Following unprecedented price increases in 2022, lithium-ion battery prices have dropped 14% so far this year to a record low of US$139 per kilowatt-hour (kWh) driven by raw material and component prices falling as production capacity increased across all parts of the battery value chain, while demand growth fell short of some industry expectations, according to a recent report.
However, battery demand across electric vehicles (EVs) and stationary energy storage is still on track to grow at a remarkable pace of 53% year-on-year, reaching 950 gigawatt-hours in 2023, finds the report by BloombergNEF (BNEF).
Despite this growth, major battery manufacturers reported lower utilization rates for their plants, while demand and revenue fell short of many companies’ expectations. As a result, many EV and battery makers, the BNEF report notes, revisited their production targets, which in turn impacted battery prices. Lithium prices reached a high point at the end of 2022, but fears that prices would remain high have largely subsided since then and prices are now falling again.
“This is another year where battery prices closely followed raw material prices,” says Evelina Stoikou, energy storage senior associate at BNEF. “In the many years that we’ve been doing this survey, falling prices have been driven by scale learnings and technological innovation, but that dynamic has changed. The drop in prices this year was attributed to significant growth in production capacity across the value chain in combination with weaker-than-expected demand.”
The price figures represent an average across multiple battery end-uses, including different types of EVs, buses and stationary storage projects. For battery electric vehicle (BEV) packs, prices, the report states, were US$128/kWh on a volume-weighted average basis in 2023. At the cell level, average prices for BEVs were just $89/kWh.
This indicates that, on average, cells account for 78% of the total pack price. Over the last four years, the cell-to-pack cost ratio, the report finds, has risen from the traditional 70:30 split. This is partially due to changes to pack design, such as the introduction of cell-to-pack approaches, which have helped reduce costs.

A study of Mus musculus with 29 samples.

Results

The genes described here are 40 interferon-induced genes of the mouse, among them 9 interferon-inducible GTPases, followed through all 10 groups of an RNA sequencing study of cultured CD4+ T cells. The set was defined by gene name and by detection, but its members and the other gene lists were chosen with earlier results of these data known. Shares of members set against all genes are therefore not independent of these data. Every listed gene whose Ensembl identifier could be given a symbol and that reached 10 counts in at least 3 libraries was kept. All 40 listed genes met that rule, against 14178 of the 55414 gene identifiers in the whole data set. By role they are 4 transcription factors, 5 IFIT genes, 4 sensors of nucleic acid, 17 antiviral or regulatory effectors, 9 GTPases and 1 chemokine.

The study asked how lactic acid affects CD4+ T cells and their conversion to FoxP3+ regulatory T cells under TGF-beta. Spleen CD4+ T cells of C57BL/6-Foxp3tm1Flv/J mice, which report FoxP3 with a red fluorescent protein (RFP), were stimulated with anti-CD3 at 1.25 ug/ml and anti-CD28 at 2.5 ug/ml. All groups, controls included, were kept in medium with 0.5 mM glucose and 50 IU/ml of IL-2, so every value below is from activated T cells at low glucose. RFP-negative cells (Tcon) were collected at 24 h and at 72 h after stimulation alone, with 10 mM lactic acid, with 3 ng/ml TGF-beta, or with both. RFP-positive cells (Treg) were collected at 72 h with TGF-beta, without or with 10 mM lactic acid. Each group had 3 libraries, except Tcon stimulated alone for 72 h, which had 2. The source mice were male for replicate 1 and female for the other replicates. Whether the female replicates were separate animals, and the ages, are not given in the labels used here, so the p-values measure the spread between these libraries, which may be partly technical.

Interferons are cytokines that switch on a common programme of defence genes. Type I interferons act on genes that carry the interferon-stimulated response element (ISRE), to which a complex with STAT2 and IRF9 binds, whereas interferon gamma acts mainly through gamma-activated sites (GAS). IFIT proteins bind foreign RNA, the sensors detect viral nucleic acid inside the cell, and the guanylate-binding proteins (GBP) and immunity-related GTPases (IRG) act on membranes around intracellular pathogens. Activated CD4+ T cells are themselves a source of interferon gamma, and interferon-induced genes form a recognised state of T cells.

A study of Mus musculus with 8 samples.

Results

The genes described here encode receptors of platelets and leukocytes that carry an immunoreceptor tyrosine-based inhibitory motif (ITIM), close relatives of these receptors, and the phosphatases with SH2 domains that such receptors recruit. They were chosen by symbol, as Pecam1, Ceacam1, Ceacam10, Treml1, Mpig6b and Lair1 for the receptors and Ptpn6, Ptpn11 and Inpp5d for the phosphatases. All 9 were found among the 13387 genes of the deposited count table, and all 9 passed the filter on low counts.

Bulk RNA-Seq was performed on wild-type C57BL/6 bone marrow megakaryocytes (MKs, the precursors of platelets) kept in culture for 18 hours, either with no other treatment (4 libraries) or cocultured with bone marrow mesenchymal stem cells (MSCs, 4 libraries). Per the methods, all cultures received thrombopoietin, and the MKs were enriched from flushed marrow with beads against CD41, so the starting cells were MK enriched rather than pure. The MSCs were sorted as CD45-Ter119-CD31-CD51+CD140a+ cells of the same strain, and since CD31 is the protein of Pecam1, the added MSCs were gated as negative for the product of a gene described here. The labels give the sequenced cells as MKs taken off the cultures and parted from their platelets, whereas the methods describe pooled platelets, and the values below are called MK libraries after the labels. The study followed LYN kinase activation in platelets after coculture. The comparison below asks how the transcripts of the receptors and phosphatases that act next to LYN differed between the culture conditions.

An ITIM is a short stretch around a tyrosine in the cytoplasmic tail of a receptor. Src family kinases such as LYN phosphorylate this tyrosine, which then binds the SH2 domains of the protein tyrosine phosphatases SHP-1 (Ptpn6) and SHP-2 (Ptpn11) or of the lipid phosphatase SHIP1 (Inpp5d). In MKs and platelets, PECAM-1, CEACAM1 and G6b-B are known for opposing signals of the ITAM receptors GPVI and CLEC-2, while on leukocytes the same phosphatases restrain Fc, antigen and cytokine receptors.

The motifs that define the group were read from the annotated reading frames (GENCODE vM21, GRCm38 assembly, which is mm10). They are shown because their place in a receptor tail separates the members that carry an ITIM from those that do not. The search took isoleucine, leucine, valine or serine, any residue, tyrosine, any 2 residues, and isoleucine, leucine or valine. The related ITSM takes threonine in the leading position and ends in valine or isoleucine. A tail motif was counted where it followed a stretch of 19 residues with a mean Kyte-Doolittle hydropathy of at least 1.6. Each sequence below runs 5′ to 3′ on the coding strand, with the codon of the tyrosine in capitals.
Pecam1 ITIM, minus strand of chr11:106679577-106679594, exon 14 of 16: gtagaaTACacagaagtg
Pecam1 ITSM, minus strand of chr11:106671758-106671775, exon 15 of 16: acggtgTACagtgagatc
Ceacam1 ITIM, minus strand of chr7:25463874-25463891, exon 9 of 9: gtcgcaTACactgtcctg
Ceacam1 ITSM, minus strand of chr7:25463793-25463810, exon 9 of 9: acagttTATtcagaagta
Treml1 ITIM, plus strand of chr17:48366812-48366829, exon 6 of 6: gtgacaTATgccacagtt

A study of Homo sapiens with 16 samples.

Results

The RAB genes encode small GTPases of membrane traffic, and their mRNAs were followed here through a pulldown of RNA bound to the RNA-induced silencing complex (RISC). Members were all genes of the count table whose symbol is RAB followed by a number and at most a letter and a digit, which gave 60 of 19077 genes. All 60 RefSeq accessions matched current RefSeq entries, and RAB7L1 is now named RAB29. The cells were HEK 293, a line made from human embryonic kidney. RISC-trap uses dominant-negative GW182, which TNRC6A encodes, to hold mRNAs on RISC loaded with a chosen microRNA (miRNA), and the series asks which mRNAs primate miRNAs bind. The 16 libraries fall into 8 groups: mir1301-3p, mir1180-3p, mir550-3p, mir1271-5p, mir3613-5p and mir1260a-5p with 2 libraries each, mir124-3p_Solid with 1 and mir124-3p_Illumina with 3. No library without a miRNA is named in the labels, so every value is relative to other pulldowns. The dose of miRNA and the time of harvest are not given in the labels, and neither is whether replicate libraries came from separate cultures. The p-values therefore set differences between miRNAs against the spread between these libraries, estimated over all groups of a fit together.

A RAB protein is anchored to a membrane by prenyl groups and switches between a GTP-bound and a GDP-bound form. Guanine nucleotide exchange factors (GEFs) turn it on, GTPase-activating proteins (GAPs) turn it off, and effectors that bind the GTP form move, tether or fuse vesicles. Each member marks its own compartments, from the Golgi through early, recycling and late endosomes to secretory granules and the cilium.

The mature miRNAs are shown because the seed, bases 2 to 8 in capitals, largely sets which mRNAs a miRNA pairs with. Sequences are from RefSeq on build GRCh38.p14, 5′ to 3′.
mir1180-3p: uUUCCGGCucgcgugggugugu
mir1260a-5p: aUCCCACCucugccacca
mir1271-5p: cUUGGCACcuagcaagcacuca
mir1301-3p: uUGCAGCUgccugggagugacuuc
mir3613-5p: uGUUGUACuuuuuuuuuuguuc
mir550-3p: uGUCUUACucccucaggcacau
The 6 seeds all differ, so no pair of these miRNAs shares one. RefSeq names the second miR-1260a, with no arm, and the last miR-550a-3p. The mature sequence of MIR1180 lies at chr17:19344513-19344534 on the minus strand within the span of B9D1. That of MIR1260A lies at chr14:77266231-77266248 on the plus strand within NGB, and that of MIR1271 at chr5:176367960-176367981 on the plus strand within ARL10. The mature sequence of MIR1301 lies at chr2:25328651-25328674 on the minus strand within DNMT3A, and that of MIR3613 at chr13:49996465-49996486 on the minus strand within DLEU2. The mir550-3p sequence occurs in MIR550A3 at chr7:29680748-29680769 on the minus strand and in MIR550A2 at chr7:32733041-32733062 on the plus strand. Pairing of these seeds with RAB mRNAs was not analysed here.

On a regional basis, average battery pack prices were lowest in China, at US$126/kWh. Packs in the US and Europe were 11% and 20% higher, respectively. Higher prices reflect the relative immaturity of these markets, higher production costs, lower volumes, and the diverse range of applications. There was also intense price competition domestically in China this year as battery manufacturers ramped up production capacity aiming to grab a share of the growing battery demand.
The industry continues to switch to the low-cost cathode chemistry known as lithium iron phosphate. These packs and cells had the lowest global weighted-average prices, the report’s data show, at US$130/kWh and US$95/kWh, respectively. This is the first year that the report’s analysis found LFP average cell prices falling below US$100/kWh. On average, LFP cells were 32% cheaper than lithium nickel manganese cobalt oxide cells in 2023.
Volume-weighted average lithium-ion battery pack and cell price split, 2013-2023
Source: BloombergNEF. Historical prices have been updated to reflect real 2023 dollars. Weighted average survey value includes 303 data points from passenger cars, buses, commercial vehicles and stationary storage.
Miners and metals traders surveyed expect prices for key battery metals like lithium, nickel and cobalt to ease further in 2024. Given this, the report expects average battery pack prices to drop again next year, reaching US$133/kWh (in real 2023 dollars). Technological innovation and manufacturing improvement should drive further declines in battery pack prices in the coming years, to US$113/kWh in 2025 and US$80/kWh in 2030.
“Battery prices have been on a rollercoaster over the past two years,” says Yayoi Sekine, head of energy storage at BNEF. “Large markets like the US and Europe are building up their local cell manufacturing, and we’re keenly watching how production incentives and tightening regulations on critical minerals will impact battery prices. These localization efforts will add a layer of complexity to how battery prices shape up regionally in coming years.”
Localization of battery manufacturing in regions like the US and Europe could exert upward pressure on battery pack prices as the local industries scale up. Battery manufacturing in the US and Europe have higher costs due to higher energy, equipment, land and labour costs compared with Asia, where most batteries are currently produced. Local policies, such as the US$45/kWh production tax credit for cells and packs under the Inflation Reduction Act in the US, could offset part of the cost, although the act’s impact on pricing is not yet clear.
Continued investment in R&D, manufacturing process improvements, and capacity expansion across the supply chain will help improve battery technology and reduce costs over the next decade. Next-generation technologies – such as silicon and lithium metal anodes, solid-state electrolytes, new cathode material and new cell manufacturing processes – will play, the report predicts, an important role in enabling further price reductions.